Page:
Even Lamborghini isn’t immune to the rush of electrification and the pressures of emission reduction.
As one of the last naturally-aspirated V12 dinosaurs still on sale, the Aventador has been a fantastic swansong for a bloodline of twelve-cylinder Lambos running back over five decades, from the pioneering Miura to the ultimate expression of flamboyance and excess that exists today. It now seems, though, that the curtain has to close on such a unit in its purest form.
For those who just cannot get the Toyota Prius out of their heads whenever the idea of a hybrid is mentioned, it’ll be a turn-off. But surely, when the alternative is a downsized motor augmented by turbocharging which, even today, can dull throttle response and muffle the hard-edged soundtrack, such a proposal should be welcomed?
Still, if the years of hype surrounding the Porsche 918 and LaFerrari have proven anything, its that a well-executed petrol electric drivetrain can be just as exciting - if not more so - than the traditional powerplants. For starters, more power is a dead cert: could the next Lambo hypercar push past the 800bhp barrier? With the Ferrari 812 Superfast nearly doing so with an unassisted V12, there’s surely a strong chance.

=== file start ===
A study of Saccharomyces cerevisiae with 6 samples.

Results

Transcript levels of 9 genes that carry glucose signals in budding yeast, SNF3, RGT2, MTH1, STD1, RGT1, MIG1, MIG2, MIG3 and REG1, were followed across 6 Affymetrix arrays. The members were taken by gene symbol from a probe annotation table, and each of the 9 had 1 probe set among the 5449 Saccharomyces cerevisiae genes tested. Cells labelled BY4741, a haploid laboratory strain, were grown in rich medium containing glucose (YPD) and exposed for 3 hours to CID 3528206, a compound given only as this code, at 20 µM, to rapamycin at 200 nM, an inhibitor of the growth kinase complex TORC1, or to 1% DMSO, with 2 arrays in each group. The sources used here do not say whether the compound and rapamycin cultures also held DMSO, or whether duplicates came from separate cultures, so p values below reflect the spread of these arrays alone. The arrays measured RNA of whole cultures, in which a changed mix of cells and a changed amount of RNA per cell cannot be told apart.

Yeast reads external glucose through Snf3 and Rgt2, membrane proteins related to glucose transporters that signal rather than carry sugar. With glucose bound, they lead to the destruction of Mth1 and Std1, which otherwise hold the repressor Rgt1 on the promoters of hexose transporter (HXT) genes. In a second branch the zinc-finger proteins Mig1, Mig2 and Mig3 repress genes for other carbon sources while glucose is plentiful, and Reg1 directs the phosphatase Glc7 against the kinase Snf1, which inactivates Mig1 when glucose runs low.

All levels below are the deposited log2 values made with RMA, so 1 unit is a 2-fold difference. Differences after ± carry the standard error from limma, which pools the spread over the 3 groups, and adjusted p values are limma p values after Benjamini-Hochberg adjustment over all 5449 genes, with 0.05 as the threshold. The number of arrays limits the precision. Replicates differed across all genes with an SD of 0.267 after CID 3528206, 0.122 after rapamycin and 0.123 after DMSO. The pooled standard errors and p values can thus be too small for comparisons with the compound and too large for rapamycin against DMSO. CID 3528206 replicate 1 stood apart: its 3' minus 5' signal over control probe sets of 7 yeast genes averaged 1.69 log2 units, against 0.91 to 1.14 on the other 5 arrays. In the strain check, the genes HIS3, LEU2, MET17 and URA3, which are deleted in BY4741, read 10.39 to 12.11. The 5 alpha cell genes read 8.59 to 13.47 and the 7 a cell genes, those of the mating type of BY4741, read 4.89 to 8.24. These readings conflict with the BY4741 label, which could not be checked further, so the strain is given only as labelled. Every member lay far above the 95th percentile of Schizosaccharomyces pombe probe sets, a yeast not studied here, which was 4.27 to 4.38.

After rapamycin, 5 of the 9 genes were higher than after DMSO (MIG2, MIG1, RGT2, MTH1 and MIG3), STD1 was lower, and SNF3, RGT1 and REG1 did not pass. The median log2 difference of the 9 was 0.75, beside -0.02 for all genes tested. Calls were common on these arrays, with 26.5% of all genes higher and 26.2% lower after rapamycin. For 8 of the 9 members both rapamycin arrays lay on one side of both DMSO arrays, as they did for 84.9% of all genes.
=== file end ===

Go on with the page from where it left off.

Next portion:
Electrification also brings all sorts of cleverness, such as instant torque vectoring and the ability fill the gap between gearshifts with extra thrust. While it’s unlikely to have the all-electric range of, say, a BMW i8, the idea of silently gliding into a supercar meet before firing up the V12 at the best crowd-stunning moment.
The biggest concern will be the weight it adds - Lambo could maybe adopt the 48v electric anti-roll system from the Urus SUV to help combat body movement, yet there’s only so many ways you can artificially mask the laws of physics.